Food Facts & Lore, Fricassee of Words

Fricassee of Words – To Eat Humble Pie

Fricassee: Meat cut into pieces and stewed in gravy.

Fricassee of Words: Musings on food-inspired expressions, words and word play, with occasional bits and pieces of kitchen jargon too.

Don’t stir the pot, go fry an egg, two eggs in a basket are better than one hen in the bush… you get the picture by now, and here is today’s food-inspired expression for us to pick at.

158 - 1216 - pieTo Eat Humble Pie

Meaning – To admit an error or undesirable action, and to show humility and act apologetically as a result of this admission.

If you walked up to someone in the 14th or 15th century announcing that you had just eaten humble pie, they might have replied with one of two comments: “Don’t ye mean umble pie, mate?” or “Ha! Me mum makes a fine umble pie. Ye’s making me wants vittles!”

Back in the early 13th century, numbles were common ingredients in the kitchen. This was the name given to all animal entrails used in meals, not just pies. You could say that numble pie is a precursor to what we call meat pie today. Hearts, livers and such were known as numbles.

We must remember that the majority of people could not read or write. In fact, a written reference to numble pie does not occur until the 17th century, and without the “n” which had long been dropped. In everyday conversation, saying “a numble pie” or “an umble pie” sounds just the same. Without literacy to make a distinction, there is no reason to question proper spelling or even proper pronunciation. Mum’s umble pie was tasty no matter how you spellt it!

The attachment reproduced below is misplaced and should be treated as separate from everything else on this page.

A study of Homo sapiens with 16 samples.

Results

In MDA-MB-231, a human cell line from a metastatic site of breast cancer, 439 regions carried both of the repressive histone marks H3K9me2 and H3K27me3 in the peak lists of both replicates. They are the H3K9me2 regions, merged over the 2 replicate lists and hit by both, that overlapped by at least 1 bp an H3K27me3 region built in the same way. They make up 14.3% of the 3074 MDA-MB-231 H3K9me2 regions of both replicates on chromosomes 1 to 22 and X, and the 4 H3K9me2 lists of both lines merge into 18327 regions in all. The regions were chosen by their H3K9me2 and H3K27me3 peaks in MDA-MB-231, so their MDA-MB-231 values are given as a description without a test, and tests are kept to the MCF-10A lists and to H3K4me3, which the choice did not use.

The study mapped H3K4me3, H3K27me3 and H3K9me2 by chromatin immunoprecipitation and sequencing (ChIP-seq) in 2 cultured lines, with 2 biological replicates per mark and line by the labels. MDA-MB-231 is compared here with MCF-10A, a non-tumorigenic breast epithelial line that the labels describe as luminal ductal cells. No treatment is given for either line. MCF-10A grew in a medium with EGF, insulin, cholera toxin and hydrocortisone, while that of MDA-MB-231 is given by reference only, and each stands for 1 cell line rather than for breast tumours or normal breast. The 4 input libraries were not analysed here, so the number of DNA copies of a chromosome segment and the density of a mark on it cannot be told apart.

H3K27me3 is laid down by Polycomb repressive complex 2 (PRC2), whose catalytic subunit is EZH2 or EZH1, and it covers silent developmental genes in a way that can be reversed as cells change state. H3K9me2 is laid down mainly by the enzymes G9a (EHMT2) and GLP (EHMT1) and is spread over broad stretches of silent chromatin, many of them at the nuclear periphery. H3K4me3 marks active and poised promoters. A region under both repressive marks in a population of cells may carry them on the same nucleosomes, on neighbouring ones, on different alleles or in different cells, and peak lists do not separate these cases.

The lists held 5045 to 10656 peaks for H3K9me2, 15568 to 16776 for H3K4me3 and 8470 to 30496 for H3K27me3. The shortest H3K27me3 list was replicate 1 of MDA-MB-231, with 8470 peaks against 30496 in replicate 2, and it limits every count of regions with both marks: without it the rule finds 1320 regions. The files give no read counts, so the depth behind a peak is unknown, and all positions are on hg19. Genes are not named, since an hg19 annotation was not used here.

Incidentally, there is another example of a word mutation attributed to illiteracy during the same time period, and the word in question is related to the table also. It is the word apron, originally napron. You can see how easy a misunderstanding can arise without the visual aid of spelled out words. Simply consider the sounds: A napron and an apron.  The distortion reaches even further, but we’re saving this for another article. It is quite fascinating. You’ll see.

Back to our humble umble nibbles. The expression “to eat humble pie” is specific to America. In the UK they eat crow. Pie and stews made using the entire animal, including entrails (numbles and umbles and such) were a staple on the tables of common people. Common is not used pejoratively here, but merely to signify “the people” as opposed to the rich ruling casts. The reference to humility may have derived from this simple fact.

Then there is the rather interesting fact that the adjective “humble” finds its roots in the Latin word for loins, the very parts of our bodies we humans have chosen to humbly shield from sight. And we come full circle to a powerful concept that has evolved independently from the written word. Humility is a complex idea, yet one that is deeply and universally understood whether you say “eat crow,” “eat your words,” “eat humble pie,” “umbles” or “numbles.”